Law & Order

January 20, 2019 11:43 amComments are Disabled

It’s inevitable that every 3-6 months I will dive down a Law & Order rabbit hole. If I’m at my parents’ house, it tends to be Law & Order: Special Victims Unit. I believe with confidence that I have seen every episode of every version of the franchise, with the understandable exception of that Trial by Jury malarkey.

I must be some kind of sadist, though not an uncommon one, to be so obsessed with this show. I’m not generally into crime shows but L&O is different. It’s a character-driven, not an action-driven show, with elements of the crime only secondary to the drama unfolding with the excellent rotating cast.

It’s also unusual with the depth of attention given to the ‘Order’ part of the narrative, evoking real-life legal battles and complicated questions of police ethics, relative morality, civil rights and the justice system in general. The legal debate may be charged for effect, and any lawyer will tell you that most law is boring paperwork, not flashy closing statements. But the issues are real and deserve an intellectually honest airing. Over the years, no sacred cow has been spared. Multiple episodes are dedicated to the politics of abortion, freedom of speech, gun control, environmentalism, race, prosecutorial and judicial misconduct, horse racing, religious freedom, and more. Episodes from the late 90’s were particularly prescient in their discussion of modern-day issues such as data privacy and internet safety.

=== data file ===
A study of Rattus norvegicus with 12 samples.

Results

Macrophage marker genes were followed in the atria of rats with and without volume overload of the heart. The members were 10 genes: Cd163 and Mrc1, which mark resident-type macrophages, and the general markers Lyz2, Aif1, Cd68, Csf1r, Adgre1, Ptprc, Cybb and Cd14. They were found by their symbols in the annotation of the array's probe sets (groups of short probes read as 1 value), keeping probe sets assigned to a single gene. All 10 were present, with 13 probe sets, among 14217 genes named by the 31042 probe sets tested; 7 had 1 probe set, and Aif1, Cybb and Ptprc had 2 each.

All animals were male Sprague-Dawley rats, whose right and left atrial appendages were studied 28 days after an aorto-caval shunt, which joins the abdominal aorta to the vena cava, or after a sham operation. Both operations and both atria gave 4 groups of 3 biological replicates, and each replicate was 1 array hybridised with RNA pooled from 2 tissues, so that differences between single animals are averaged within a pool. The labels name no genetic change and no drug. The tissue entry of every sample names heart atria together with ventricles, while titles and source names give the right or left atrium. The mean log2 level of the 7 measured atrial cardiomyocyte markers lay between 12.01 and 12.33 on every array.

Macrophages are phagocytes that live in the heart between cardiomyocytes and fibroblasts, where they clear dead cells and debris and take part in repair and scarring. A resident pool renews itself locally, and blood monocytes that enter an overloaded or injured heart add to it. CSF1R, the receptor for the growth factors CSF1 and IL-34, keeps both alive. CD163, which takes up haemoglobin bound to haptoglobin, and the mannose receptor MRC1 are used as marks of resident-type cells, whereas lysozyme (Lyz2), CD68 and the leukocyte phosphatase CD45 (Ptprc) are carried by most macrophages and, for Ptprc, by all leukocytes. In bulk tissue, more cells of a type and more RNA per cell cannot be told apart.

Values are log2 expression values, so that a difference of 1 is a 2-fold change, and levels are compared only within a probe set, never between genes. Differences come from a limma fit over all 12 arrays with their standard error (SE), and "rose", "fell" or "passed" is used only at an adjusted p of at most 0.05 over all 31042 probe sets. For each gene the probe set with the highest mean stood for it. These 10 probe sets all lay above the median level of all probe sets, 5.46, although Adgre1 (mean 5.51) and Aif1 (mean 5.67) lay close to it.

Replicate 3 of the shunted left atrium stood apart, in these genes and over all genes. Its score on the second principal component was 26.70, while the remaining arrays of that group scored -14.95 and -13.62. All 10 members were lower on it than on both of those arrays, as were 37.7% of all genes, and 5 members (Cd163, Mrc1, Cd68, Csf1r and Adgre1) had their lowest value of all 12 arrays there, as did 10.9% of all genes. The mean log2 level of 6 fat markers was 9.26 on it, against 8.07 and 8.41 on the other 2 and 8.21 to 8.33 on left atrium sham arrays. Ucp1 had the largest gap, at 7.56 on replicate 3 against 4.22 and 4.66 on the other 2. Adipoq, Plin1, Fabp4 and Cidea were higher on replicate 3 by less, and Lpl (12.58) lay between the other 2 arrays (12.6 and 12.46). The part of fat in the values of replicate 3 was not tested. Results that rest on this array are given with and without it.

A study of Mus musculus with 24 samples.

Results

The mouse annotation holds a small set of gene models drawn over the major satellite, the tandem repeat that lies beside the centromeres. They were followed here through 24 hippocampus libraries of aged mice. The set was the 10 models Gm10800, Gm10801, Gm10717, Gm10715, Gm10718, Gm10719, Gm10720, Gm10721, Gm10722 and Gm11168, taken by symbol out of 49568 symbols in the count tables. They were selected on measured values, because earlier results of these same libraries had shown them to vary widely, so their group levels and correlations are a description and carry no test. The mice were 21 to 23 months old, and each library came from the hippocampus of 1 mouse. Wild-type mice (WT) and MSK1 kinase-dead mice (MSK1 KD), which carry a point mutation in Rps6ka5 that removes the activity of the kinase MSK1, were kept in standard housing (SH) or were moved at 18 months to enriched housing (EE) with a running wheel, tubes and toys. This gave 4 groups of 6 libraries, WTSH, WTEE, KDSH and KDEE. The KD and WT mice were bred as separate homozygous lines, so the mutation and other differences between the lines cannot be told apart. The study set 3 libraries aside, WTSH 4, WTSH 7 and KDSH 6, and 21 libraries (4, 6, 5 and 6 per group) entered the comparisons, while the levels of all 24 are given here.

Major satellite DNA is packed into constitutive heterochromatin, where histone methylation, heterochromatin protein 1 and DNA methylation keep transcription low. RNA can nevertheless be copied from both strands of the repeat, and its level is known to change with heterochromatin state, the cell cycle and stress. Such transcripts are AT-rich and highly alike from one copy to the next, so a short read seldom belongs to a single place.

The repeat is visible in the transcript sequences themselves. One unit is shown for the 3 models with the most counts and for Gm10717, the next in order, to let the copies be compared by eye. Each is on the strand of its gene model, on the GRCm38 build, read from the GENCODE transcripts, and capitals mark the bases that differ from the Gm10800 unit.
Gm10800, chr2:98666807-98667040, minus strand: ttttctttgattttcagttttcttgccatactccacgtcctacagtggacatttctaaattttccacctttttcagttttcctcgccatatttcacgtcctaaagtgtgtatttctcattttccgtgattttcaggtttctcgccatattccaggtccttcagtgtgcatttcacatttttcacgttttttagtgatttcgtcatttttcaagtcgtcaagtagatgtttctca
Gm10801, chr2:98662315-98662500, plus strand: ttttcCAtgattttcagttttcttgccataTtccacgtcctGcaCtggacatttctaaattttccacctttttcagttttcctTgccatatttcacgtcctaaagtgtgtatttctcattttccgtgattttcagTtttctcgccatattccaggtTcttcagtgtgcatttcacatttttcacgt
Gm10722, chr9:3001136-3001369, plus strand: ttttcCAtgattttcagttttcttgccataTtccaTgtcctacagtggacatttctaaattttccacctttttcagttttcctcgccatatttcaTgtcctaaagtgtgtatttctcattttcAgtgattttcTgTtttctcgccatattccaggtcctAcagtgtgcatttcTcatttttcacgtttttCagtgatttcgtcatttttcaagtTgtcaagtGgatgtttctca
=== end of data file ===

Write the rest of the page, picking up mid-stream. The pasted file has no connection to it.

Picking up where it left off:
It’s also not just a show for seriousness. Lennie Briscoe’s one-liners are legendary. Adam Schiff was known to make a joke or two in his day. John Munch, a character that has appeared on 10 different television shows across five networks, cracks wise so much he has been divorced three times. The line when Odafin Tutuola told Munch that he was secretly a Republican was probably the funniest moment of the show.

Through the evolution of the characters we see not just humor but watch as deep, realistic personal issues get faced head-on, from Olivia Benson’s struggle to survive sexual assault and kidnapping, to Ed Green’s past as a gambling addict.

With all this going for it, it’s not a surprise the franchise has been on TV, in some form or another, for almost 30 years. It has survived a re-alignment of television around the internet streaming age, and the formula has changed to allow for more on-screen action, but the basic premise is the same, and the show still lets drama, not cheap shots, carry the day.

Only time will tell if Law & Order will survive for another 30 years, but I hope it does. It brings a level of nuance and seriousness to important issues that need to be discussed the way that a Jack McCoy would discuss them. And in the age of instant gratification and made-for-every-brain television, it’s nice that there’s still a show that has mass appeal purely for its willingness to take on real and controversial issues head on.

It’s Sunday. Time for another SVU marathon.